Wagonwheel Lake Trail
November 11, 1999
Steep, sodden, viewless, this trail builds character
By KAREN SYKES
SPECIAL TO THE POST-INTELLIGENCER
When November comes I remember Wagonwheel Lake.
Snow is falling in the mountains, but not enough to kick off skiing, snowshoeing and other winter sports. We're talking rain. It's that time of year when you might not be able to reach the trailhead because Highway 101 is flooded or washed out.
So this is my favorite month to sort slides, plan future snowshoe trips and hikes, and become an armchair mountaineer. The trouble with this is that if you spend more than a couple weekends in this fashion, you'll get out of shape. The only way to keep moving is to keep moving.
It's time to get out of the house, revisit such old friends as Tiger Mountain and Mount Si or prowl low- elevation river valleys looking for old trails. If Mount Si is just too ho-hum or crowded for people trying not to lose it, there are other hikes just as demanding in terms of mileage and elevation.
Wagonwheel Lake is one. It is good medicine for seasonal affective disorder and you will have worked hard enough to justify a hot meal in Hoodsport, where most eateries won't mind if you have mud on your boots and moss in your hair.
Once I took a Mountaineers group there on a sodden, gloomy day in November. Everybody on the trip was a climber or would-be climber trying to stay in shape. Even a couple of the legendary Bulgers turned out for that one. (Bulgers are a group of rugged individualists, an offshoot of the Mountaineers, who have endeavored to climb Washington's 100 highest peaks. Some of them look a bit derelict.)
At my physical peak then, I was astonished as two tall hikers glided silently past me as if I were standing still. They were Bruce Gibbs and Bette Felton, my introduction to the Bulgers.
The rest of us caught up to them, but conditions were so miserable that we turned around short of the lake and stampeded down to the cars and a local cafe.
As we curled our frozen hands around hot drinks and bragged about how strong we were, I looked up to see my Uncle Eddie emerging from the gloom of the bar after a day of fishing a local creek. Beating wet brush was nothing to him -- he fished whenever he could.
Bulgers, and other hardy folks, sometimes continue on from Wagonwheel Lake for a winter ascent of Copper Mountain.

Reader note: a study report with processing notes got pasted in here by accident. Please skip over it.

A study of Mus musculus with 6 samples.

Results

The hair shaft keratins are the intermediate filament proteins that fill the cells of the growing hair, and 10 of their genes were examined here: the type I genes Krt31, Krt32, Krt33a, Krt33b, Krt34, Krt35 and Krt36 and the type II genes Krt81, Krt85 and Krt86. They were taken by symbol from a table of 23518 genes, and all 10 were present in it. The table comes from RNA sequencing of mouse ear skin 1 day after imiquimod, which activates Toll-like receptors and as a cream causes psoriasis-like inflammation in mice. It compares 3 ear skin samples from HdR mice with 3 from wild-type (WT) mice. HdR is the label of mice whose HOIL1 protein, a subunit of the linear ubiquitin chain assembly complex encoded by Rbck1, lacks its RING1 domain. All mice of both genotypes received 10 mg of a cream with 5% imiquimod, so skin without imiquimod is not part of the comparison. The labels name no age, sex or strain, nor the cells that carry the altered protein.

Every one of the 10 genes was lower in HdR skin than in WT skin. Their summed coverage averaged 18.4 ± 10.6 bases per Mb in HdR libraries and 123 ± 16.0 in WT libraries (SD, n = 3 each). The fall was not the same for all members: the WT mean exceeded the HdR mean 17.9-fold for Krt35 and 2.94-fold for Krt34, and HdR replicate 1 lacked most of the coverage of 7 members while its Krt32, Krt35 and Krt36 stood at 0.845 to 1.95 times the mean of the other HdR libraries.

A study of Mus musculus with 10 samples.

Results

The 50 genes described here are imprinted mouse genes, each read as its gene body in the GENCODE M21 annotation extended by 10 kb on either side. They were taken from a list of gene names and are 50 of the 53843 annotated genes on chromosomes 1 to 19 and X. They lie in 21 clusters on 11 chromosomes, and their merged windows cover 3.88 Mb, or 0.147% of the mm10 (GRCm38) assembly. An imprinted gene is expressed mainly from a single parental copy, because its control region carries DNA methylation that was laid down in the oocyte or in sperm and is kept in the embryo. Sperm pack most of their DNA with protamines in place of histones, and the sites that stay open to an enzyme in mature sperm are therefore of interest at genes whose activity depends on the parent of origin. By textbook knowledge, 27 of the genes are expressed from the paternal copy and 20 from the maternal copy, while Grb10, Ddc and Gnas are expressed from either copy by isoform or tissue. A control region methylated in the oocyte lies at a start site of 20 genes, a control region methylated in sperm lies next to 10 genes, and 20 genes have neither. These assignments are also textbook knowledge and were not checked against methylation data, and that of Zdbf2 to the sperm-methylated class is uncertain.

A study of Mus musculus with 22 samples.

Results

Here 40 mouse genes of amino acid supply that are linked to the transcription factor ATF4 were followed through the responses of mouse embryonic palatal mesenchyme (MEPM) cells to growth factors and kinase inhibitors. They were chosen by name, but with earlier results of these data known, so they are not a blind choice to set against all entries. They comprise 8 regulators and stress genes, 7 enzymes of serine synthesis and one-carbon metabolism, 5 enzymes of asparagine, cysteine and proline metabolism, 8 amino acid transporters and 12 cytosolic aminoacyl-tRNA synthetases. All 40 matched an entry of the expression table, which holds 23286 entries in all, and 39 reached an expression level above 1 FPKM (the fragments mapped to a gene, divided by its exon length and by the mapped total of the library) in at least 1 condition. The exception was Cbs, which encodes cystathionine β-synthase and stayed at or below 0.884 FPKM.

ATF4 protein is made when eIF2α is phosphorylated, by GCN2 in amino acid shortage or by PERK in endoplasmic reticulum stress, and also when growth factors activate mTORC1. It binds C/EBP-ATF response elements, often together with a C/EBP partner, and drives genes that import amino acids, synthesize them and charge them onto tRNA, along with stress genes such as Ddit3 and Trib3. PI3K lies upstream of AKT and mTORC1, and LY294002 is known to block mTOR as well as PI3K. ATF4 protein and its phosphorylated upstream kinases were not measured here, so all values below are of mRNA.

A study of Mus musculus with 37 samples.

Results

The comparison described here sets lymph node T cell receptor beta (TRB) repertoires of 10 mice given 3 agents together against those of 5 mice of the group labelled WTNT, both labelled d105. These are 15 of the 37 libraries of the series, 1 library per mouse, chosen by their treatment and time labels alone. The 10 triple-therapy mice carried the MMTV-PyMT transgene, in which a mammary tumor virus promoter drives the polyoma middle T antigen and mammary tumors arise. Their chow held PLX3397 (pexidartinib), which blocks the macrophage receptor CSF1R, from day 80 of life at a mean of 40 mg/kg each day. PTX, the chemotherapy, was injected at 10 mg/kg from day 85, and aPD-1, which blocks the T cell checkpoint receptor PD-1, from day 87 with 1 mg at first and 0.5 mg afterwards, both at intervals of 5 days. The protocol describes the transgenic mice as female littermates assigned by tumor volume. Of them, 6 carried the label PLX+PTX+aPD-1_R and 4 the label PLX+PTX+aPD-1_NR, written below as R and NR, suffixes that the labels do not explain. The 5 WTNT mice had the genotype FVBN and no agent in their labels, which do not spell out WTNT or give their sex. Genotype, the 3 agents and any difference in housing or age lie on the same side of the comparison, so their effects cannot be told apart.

My husband, John, signed up for a snowshoe ascent of this peak as a student in the snowshoe course. He happened to pick a climb with Kal Brauner as leader, not knowing Kal's reputation as fast-paced and unstoppable. According to John, Kal never stopped moving and John describes following Kal's trough through 6 feet of wet snow to the summit. John will never forget Copper Mountain.
Wagonwheel Lake is where most strong hikers are satisfied to call it quits. It's one of the steepest trails I've hiked, offers few views, and is known as a "character builder." Only the "trail" to Lake Constance is tougher than this one.
Even if you make it to the the lake, you may find it rather sullen and uninspiring.
So why go at all?
We need a few Mount Si's or Wagonwheel Lakes to stay in shape for next summer's hikes and climbs. Such hikes are a necessary evil, and when you stop to catch your breath, you may capture a glimpse of that quiet beauty for which the Olympics are known. If you insist, you can carry your snowshoes until you hit the snow line and bash your way to Copper Mountain, where only a few have gone before.
Take Highway 101 to Hoodsport. From Hoodsport turn left on Lake Cushman Road. Pass the Hoodsport Ranger Station and Lake Cushman State Park. Turn left on Forest Service Road No. 24 and drive about seven miles to the Staircase Ranger Station. Drive uphill beside the ranger station to the parking area and trailheads for Wagonwheel Lake and North Fork Skokomish.
The trail starts at an elevation of 900 feet and begins to climb immediately, gaining more than 3,000 feet in less than three miles.
The trail begins its climb through a stand of second-growth Douglas fir. You will also see bigleaf maple and vine maple, salal and sword fern. As the trail climbs, the trees become smaller.
The trail reaches a crest on a spur where Mount Lincoln can be seen through the trees. There are also occasional overlooks to Lightning Peak, which can be seen on the far side of Lake Cushman. Rhododendrons grow here and as well as poison oak (not often found in the Olympics).
The trail continues to follow the ridge before climbing through old-growth western hemlock. After the switchbacks the trail climbs even more steeply as it ascends a narrow ridge. The trail relents a bit as it contours through a forest of silver fir, hemlock and Alaska cedar.
The forest opens as the trail crosses an avalanche slope, the usual turnaround for hikers if there is snow or the slope is icy. If the snow is deep, there is some risk of avalanche. But either way you are cursed -- without snow cover there is slide alder to battle.
The trail returns to forest, crosses a small creek and reaches Wagonwheel Lake at 4,150 feet on the north side of Copper Mountain. The lake is bordered by trees and is oval, not round. It is not known how Wagonwheel Lake got its name. There are campsites above the western shore with some views of Copper Mountain.
Round trip, 5.6 miles with an elevation gain of 3,240 feet. For more information refer to "Olympic Mountains Trail Guide" by Robert L. Wood, (The Mountaineers, 304 pages, $14.95). For current trail and road conditions call the Hood Canal Ranger District at 360-877-5254, the Staircase Ranger Station at 360-877-5569 or Olympic National Park Visitor Center and Wilderness Information Center at 360-452-0330.